Pictures expose proliferation of Belgian weapons out of Libya, bound for Syria
End of April 2012, the Lebanese Army intercepted a ship, the Letfallah II (often wrongly identified as the “Lutfallah II”), near the nothern coast of Lebanon. The ship was suspected to transport weapons from Libya destined to the Syrian rebels.(1)
Pictures were scarce, and did not show much of what was actually found in the three containers seized onboard. One website seems to have had access to those containers and provide with about 160 photographs of what appears to have been found. Caveat emptor with the source, though, which does not inspire credibility. So far, however, we have found no reason to doubt the legitimacy of the pictures.
Some are republished here, with the source embedded in them, so that you can go and have a look at the whole batch.
First, two pictures of the boat itself.
A picture of the three containers.
Some pictures that would lead to think that what was found in these containers was from Libya.
But what interests us here is the fact that some of the weapons found in those containers could be traced back to Belgium. It could be part of military equipment Belgium could have sold to Libya in the last decades (further documentation is needed to confirm this).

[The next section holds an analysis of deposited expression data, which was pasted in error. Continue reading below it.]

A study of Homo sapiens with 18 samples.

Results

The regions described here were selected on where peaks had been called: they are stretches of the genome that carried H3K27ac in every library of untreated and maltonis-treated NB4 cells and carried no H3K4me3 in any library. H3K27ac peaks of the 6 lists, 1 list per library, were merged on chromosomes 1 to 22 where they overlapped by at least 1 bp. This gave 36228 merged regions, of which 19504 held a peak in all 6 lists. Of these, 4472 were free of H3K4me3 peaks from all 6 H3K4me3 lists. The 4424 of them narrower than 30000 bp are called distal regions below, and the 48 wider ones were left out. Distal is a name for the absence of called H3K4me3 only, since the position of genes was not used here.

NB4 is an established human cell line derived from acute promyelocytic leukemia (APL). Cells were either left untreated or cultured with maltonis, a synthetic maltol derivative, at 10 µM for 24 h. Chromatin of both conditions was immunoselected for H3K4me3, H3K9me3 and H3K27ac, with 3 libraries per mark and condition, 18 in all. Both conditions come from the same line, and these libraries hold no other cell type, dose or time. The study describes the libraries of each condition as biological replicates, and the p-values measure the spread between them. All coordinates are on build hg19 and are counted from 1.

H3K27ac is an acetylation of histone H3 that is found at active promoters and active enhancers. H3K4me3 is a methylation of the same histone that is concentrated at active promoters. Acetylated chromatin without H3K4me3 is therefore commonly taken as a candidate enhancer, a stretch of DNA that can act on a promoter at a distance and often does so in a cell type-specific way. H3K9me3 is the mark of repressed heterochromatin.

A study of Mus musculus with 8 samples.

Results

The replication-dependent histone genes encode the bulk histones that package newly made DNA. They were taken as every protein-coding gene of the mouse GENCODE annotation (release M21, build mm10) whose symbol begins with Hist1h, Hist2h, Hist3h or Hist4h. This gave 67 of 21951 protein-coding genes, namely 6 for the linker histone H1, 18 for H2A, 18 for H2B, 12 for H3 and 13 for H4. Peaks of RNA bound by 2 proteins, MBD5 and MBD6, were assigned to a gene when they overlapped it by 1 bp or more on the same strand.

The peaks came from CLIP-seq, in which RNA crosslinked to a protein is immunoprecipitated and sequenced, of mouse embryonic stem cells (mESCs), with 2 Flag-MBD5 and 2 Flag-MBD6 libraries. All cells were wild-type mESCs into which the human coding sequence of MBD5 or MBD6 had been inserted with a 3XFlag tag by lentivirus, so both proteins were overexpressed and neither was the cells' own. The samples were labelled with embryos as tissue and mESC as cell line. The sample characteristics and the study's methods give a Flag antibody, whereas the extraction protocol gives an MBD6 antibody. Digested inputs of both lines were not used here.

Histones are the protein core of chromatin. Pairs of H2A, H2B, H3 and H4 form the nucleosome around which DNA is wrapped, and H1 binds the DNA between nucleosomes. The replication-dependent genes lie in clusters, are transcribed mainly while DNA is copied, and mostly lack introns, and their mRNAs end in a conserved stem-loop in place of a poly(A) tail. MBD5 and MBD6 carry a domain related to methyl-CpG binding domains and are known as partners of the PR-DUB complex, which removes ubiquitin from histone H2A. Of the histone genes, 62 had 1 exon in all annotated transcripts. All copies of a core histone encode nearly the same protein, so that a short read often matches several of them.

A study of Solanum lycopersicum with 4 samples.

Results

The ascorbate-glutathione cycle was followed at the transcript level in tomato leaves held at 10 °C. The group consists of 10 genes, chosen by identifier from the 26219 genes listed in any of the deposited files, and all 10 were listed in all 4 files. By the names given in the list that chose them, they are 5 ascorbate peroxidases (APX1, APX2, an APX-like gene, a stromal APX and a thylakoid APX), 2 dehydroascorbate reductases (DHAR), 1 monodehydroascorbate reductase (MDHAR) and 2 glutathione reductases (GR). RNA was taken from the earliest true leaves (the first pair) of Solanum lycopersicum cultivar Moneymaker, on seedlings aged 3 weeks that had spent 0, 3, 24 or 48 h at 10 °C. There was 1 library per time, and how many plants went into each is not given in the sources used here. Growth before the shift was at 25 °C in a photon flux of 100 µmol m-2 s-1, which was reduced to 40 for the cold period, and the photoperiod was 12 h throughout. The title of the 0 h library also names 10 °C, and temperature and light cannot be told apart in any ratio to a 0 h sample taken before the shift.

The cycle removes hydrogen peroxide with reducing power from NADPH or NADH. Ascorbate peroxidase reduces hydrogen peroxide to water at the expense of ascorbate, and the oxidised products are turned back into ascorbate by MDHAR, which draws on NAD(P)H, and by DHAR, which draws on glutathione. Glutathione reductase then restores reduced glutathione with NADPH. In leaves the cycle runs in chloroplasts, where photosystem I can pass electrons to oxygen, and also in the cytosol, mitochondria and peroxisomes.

PRB M3 AT mines
FN ammo boxes
And FAL rifles – thorough examination of the rifles would be needed to identify the manufacturer; but during our research in Libya, we did not found FAL rifles coming from other countries than Belgium.
This case raises the question of other arms shipments that would have made their way from Libya to Syria without interception. Besides, it highlights, once more, the Belgian small arms proliferation problem.
The Letfallah II case will be added to our map of FAL rifles proliferation out of Libya.
(1) For more information on the case, see “Rough Seas, Maritime Transport and Arms Shipments”, by Sergio Finardi and Peter Danssaert, July 10, 2012 (pp. 56-66). The report raises some interesting questions regarding the weapons seized onboard of the ship.